If we knew when we were going to die, people would lead better lives.
IF PEOPLE KNEW WHEN THEY WERE GOING TO DIE, I THINK THEY PROBABLY WOULDN’T LIVE AT ALL.
In which I continue with my reading of Terry Pratchett, focusing on the Death novels. Reaper Man is the second Death novel, i.e., a Discworld novel featuring Death as a main character. In Mort, Death took on an apprentice so that he could go off and try to experience human emotion for himself. In Reaper Man, it turns out that Death has been fired by his boss Azrael and will now himself die. Before that can happen, Death returns to the human world to live and die as they do, but in typical Pratchett and Discworld fashion, a whole lotta other problems are going to arise related to Death’s predicament. While Pratchett excels at creating truly zany characters and problems for them to wrestle, this novel also emphasizes life itself, what happens when there is an over abundance of it, and what a waste it is to obsess with death when you’ve still got life in you.
As mentioned above, Death discovers that he has been sacked due to personality issues (ie, he has developed a personality and a reality that are incompatible with his job). Death takes his personal timer, which shows his sand running out, and opts to hire himself out as a farm laborer. He is, after all, pretty good with a scythe. While he works on the aging Miss Flitworth’s farm, going by the alias Mr. Bill Door, he finds himself trying to fit in with the local agricultural community and getting to know Miss Flitworth, too. There are some very funny scenes where “Bill” learns to participate (badly) in the local recreational pursuits such as darts and billiards and tries to help a dyslexic rooster learn to crow properly.
The big problem facing the rest of the world is that while Death is off the job, no new “Death” has taken over. People still die, but their spirits do not depart and so both the physical world and spiritual realm are experiencing an excess of life force. Pratchett demonstrates the nuisance this creates through some very funny and entertaining characters in the bustling Discworld city known as Ankh-Morpork, particularly at Unseen University, where wizards learn their stuff and have great dinners. It is at one of these dinners that the first inkling of trouble arises. Windle Poons, 130 year old professor, is having a going away party, as in “the big going away,” as in “rest in peace.” Everyone at the university, including Windle, know that it’s his time, and they’ve arranged a lovely banquet to send him off. Windle does indeed die at the party, as expected, but something about it just doesn’t feel right. Sure enough, Windle arises from his bier, feeling better than he ever did when alive. His senses are sharper than ever and his strength is beyond belief. Much to his embarrassment, Windle has become a zombie.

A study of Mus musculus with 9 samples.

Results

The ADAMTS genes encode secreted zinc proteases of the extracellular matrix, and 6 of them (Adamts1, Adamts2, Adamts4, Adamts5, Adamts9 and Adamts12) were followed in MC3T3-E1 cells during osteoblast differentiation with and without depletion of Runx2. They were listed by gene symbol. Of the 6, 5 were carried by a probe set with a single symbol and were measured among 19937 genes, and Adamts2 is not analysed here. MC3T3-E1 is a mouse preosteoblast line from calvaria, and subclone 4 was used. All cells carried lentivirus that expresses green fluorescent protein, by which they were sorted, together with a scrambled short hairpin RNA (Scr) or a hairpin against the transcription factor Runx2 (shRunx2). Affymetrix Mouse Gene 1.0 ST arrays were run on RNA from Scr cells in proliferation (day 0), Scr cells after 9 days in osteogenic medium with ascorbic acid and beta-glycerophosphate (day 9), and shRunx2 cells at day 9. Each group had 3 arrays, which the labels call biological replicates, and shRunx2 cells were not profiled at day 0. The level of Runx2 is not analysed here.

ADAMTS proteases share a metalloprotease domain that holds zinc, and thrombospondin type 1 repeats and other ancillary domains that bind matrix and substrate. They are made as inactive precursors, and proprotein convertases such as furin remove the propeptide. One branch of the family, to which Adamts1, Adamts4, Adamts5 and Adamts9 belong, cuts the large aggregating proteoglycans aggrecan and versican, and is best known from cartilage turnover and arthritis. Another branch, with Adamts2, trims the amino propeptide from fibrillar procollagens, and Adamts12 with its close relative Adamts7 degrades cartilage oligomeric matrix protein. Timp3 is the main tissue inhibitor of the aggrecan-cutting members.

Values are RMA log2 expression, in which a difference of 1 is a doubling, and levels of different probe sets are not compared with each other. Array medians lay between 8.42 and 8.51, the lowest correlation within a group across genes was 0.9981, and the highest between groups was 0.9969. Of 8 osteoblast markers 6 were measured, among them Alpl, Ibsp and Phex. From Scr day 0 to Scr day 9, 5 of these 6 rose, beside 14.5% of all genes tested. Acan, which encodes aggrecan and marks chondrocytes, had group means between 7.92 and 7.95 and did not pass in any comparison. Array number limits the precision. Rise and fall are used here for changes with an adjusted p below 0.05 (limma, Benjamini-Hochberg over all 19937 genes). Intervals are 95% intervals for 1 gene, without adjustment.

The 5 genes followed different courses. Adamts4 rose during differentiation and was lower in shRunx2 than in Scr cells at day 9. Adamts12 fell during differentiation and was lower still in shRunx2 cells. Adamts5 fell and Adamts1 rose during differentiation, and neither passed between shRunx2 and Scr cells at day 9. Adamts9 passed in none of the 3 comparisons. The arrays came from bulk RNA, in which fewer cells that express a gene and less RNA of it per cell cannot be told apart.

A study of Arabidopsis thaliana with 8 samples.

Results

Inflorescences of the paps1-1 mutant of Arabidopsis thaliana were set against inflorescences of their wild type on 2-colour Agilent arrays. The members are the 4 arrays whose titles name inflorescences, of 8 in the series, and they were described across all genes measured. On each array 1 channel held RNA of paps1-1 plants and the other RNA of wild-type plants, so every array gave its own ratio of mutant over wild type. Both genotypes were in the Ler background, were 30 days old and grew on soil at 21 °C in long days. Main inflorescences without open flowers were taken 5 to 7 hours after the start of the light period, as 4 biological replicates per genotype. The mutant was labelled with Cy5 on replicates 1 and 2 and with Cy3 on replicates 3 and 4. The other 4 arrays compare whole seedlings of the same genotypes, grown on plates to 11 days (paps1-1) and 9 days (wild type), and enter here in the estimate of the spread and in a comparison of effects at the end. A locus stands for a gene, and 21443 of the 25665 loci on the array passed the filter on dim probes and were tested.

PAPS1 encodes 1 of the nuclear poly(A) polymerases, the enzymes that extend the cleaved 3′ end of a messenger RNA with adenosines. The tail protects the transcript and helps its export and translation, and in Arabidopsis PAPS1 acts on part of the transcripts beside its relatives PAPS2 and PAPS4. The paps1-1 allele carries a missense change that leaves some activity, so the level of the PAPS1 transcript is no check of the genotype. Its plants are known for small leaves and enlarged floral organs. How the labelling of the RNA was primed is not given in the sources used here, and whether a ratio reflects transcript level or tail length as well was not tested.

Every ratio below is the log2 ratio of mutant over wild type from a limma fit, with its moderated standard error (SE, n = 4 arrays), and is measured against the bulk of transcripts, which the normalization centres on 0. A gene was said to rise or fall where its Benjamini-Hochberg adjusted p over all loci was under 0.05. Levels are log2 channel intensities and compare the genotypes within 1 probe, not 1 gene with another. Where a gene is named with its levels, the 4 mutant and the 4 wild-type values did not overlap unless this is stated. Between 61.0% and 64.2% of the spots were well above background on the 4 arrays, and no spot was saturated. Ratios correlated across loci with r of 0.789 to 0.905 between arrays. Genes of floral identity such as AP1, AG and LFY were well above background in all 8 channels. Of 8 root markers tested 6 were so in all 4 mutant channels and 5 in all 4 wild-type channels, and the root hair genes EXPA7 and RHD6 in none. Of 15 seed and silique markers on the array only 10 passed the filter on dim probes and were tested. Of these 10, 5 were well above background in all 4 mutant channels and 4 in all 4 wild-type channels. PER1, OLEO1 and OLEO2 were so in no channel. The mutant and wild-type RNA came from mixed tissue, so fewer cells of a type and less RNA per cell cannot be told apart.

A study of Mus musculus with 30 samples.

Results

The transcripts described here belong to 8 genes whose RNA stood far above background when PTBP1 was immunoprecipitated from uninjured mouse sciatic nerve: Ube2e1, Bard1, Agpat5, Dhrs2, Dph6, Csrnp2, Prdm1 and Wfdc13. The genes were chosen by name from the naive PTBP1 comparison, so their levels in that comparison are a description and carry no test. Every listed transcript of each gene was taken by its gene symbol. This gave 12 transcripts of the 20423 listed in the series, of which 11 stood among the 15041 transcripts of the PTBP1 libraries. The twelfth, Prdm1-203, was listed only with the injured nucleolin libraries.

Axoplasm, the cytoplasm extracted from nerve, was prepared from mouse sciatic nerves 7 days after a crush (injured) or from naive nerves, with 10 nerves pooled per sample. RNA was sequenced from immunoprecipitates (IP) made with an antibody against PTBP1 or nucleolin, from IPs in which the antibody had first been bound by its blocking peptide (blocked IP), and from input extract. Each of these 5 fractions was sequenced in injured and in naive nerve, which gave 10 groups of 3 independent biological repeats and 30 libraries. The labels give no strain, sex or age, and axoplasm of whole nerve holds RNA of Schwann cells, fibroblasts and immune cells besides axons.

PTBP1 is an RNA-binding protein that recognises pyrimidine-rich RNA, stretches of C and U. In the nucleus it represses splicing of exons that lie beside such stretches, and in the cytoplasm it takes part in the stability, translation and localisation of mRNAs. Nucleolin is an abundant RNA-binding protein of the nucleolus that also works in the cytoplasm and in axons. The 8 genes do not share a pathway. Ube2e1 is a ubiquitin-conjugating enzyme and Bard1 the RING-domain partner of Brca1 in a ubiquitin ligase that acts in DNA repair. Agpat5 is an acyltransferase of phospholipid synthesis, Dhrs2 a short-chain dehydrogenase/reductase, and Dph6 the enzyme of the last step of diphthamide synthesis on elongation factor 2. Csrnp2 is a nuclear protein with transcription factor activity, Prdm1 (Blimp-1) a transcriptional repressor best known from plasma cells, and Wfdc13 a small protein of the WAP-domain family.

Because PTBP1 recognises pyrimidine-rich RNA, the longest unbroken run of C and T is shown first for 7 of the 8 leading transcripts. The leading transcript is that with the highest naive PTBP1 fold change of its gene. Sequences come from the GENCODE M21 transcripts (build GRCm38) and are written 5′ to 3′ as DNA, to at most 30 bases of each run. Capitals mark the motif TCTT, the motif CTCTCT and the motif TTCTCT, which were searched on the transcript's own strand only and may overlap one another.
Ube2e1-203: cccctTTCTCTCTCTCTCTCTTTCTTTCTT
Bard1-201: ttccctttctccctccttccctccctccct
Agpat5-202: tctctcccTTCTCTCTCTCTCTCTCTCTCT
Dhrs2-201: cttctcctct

Windle’ s story line is a rip roaring delight because, of course, he’s just one of the many dead who are not dead. The city is overrun with poltergeists and the local prince calls on the wizards and priests to try to figure out what is happening. The university officials — the Archchancellor, Dean, Bursar and Senior Wrangler — are full of pomposity and snark, insecurities and the secret desire to open a can of whoop-ass on a moment’s notice. Meanwhile, as Windle wanders the city, trying to get dead, he discovers an “undead rights” group which includes a very shy boogeyman, a couple of middle class vampires, and a reverse wolf man. This story line in Ankh-Morpork is hilarious and I couldn’t do it justice if I had to explain it all. I’ll just add that it also involves a groundskeeper with extraordinary composting ability, a small medium named Mrs. Evadne Cake, and renegade snow globes and shopping carts. It is a wild ride! And yes, if the whole Death business doesn’t get sorted, the world could end.
As in the other Death novels, Pratchett makes Death something to laugh at and not to fear, which I find refreshing. The relationship between Death and Miss Flitworth is simply a delight. In addition to the funny moments, there is a sweetness there that comes to a completely charming resolution in the end. Yet again, Pratchett manages to make Death seem like a pretty decent guy who means well, sometimes gets things wrong, but is not trying to threaten anyone. He is actually quite gentle, lacking the “drama” that the new Death seems to favor. And through him and Windle, the dead man who isn’t dead and would like to be, we get the message that “life is something you acquire.” Reaper Man is a better novel than Mort, and a step toward the excellent Hogfather. Onward!